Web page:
Chinese Foreign Minister Wang Yi announced the launch of a “global data security initiative” on Tuesday. The plan mimics the U.S. “Clean Network” initiative in theory, but in practice is meant to intimidate other countries out of following America’s advice to blacklist Chinese companies from participating in their 5G wireless networks and other electronic infrastructure.
Voice of America News (VOA) noticed how Wang’s plan mirrored the Clean Network initiative put forward by U.S. Secretary of State Mike Pompeo last month – except, of course, without Pompeo’s warning that the Chinese Communist Party is one of the worst “malign actors” threatening privacy and information security around the world:
China’s initiative has eight key points including not using technology to impair other countries’ critical infrastructure or steal data and making sure service providers don’t install backdoors in their products and illegally obtain user data.
Wang, speaking in Beijing, also said the initiative seeks an end to activities that “infringe upon personal information” and opposes using technology to conduct mass surveillance against other states.
The initiative says companies should also respect the laws of host countries and stop coercing domestic firms to store data generated overseas in their own territory.
“China has always been broad and level, open and cooperative. If all countries, especially those intentionally smearing and slandering China with wild allegations, could make such a promise like China, it will be beneficial to the mutual trust and cooperation on digital security issues among all countries,” the Chinese Foreign Ministry said, making a thinly-veiled reference to Pompeo’s warning about China.
Chinese state media generally pretended the earlier U.S. Clean Network program did not exist, or was simply a wanton political smear against the noble Chinese Communist Party (CCP).
“The initiative comes against the backdrop of Trump administration cooking the so-called data threat from China’s high-tech companies in recent months,” China’s Global Times sneered on Tuesday.
“The move could be seen as a Chinese response to counter Washington’s ‘Clean Network’ program that clearly aims to smear and exclude Chinese technology firms, apps and services providers from some US allies,” the Global Times added, without mentioning anyone outside of Beijing who sees it that way.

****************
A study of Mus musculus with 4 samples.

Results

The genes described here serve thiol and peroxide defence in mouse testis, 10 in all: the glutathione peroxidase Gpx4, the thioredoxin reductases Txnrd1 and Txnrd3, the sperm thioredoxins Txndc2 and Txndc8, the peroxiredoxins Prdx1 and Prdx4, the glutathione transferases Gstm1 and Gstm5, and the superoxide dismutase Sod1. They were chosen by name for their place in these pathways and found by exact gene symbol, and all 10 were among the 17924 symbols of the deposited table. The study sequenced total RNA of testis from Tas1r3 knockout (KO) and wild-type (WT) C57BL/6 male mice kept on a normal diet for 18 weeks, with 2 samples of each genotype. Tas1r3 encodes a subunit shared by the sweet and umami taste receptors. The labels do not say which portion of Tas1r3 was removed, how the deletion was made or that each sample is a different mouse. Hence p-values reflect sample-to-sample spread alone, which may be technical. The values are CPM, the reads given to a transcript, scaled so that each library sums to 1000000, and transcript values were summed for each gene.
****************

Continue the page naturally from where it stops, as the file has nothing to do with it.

An even more grandiose op-ed from the Global Times on Wednesday hailed China’s hastily cobbled-together response to the Clean Network initiative as a wondrous boon to all of humanity, while chafing at critics such as “anti-China U.S. Senator Rick Scott” (R-FL) for warning that “allowing China to set the global data security rules is like letting the fox guard the hen house.”
As with almost all current Chinese writing on trade and information security issues, the Global Times accused the U.S. of bringing a “Cold War mindset” into the digital sphere and harped on the 2013 leaks from U.S. national security contractor Edward Snowden, which the Chinese constantly present as definitive evidence the United States is the real menace in cyberspace.
“China, as a responsible major power, has a broader mind about this issue. It raises the proposal of building a global data security framework, and has realized that the issue has become a major concern for global digital governance. Cybersecurity is becoming increasingly important to national security. But the US only sees this area as place where it can claim total supremacy,” the CCP newspaper sniffed.
A Global Times breakdown of Foreign Minister Wang Yi’s announcement on Wednesday got down to brass tacks: China’s funhouse-mirror version of the Clean Network program is intended to prevent other countries from locking CCP-controlled companies out of its electronic infrastructure.
China’s eight-point plan is vague about everything except the importance of not blacklisting Chinese corporations:
For example, the fourth point stipulates that companies should be encouraged to abide by laws and regulations of the state where they operate, while states should not request domestic companies to store data generated and obtained overseas in their own territory. The fifth point says that states shall not obtain data located in other states through companies or individuals without other states’ permission. The seventh point requires providers of ICT products and services should not install backdoors in their products and services to illegally obtain users’ data. These are indeed vital to the security of all countries in the information age.
As we all know, the internet and digital economy have been developing rapidly, but the establishment of rules has not been able to follow in time. What is data security is an open concept that can be defined in many ways. Given how permeable the digital economy is to human economic activity, this issue is both very important and prone to misunderstandings, causing suspicion between countries.
“Global data security is the only way for humanity to advance deeply into the digital world. Please don’t look at it through a geopolitical lens. There is less geopolitics in the digital world, and there are real problems and collaborative, reciprocal solutions that need to be carefully worked out,” the Global Times concluded, writing less than a week after the exposure of the latest massive cyber-espionage campaign perpetrated by hackers linked to the Chinese government.